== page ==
Tasting of salt, lively, amusing, somewhat indecent, associated with nautical life.
This, his second novel, is unashamedly heartwarming, with plenty of salty Dublin dialogue that just dodges caricature in favour of affectionate humour.
Unattributed, The Observer, 14 March 2004 Observer - commenting on
Peter Sheridan's novel, Big Fat Love. Amazon
Lewis and husband, Leighton, sail through the usual salty rites of passage, and she handles these with an eye and voice entirely her own. But the boaty business is only the tip of the iceberg.
Peter Nichols, Guardian, 21 May 2005 Guardian - reviewing
Gwyneth Lewis's Two in a Boat: A Marital Rite of Passage. Amazon
It has claims to being the first adventure story in the language - though precisely which language is interesting to conjecture, as Defoe's salty cocktail of 18th-century archaism and seafaring slang produces such bizarre formulations as: "These big words amazed the fellows and answered my end to a tittle; for they told such rodomontading stories of us when they came back to their ships."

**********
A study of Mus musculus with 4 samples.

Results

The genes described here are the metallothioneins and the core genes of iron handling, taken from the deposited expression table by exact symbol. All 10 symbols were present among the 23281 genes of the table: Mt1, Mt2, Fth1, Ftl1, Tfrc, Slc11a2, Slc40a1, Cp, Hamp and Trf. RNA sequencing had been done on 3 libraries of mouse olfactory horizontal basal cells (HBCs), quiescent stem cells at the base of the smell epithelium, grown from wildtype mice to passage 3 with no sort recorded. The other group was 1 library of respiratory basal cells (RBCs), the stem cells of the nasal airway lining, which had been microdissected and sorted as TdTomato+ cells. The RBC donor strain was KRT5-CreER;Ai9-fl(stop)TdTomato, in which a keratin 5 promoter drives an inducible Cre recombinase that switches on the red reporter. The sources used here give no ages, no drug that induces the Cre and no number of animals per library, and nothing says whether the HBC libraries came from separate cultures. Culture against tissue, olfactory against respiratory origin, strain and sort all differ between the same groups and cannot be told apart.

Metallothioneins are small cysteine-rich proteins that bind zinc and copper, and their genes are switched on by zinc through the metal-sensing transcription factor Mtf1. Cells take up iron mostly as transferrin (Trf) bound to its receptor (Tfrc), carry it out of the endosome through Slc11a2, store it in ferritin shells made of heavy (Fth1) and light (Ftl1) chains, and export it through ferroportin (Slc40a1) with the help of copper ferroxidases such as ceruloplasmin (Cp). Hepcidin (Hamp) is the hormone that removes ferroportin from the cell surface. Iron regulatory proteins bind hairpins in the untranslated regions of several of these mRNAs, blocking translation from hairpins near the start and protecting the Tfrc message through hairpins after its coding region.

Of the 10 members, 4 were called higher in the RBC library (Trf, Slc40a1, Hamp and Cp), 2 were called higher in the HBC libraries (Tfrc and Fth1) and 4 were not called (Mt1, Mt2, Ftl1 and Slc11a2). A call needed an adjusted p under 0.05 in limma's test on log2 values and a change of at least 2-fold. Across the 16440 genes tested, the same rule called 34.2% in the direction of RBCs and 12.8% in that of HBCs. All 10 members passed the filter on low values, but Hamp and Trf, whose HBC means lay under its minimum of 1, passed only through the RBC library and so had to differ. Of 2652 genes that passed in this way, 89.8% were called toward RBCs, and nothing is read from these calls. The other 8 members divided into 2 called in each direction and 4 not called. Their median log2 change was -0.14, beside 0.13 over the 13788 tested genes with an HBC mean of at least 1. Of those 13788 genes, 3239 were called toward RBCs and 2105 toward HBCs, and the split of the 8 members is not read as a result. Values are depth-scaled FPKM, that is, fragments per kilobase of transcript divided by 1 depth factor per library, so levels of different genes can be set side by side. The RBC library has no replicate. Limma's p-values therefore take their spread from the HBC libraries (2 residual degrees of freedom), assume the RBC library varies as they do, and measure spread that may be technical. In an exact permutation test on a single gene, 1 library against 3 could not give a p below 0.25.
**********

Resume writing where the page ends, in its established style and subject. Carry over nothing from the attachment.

Alfred Hickling, Guardian, 30 November 2002 Guardian - reviewing
Daniel Defoe's The King of PiratesAmazon
So concierges try to read body language, pick up clues and quickly learn a person’s tastes. Most of the time it works, but they often hear about it when it does not.
“I sent a family of 13 to see 'Company,' ” Mr. Domenick said, adding that he described the plot and mentioned the occasional salty patch. “Well, 9 of them left. They were with kids, and they were from the Bible Belt.”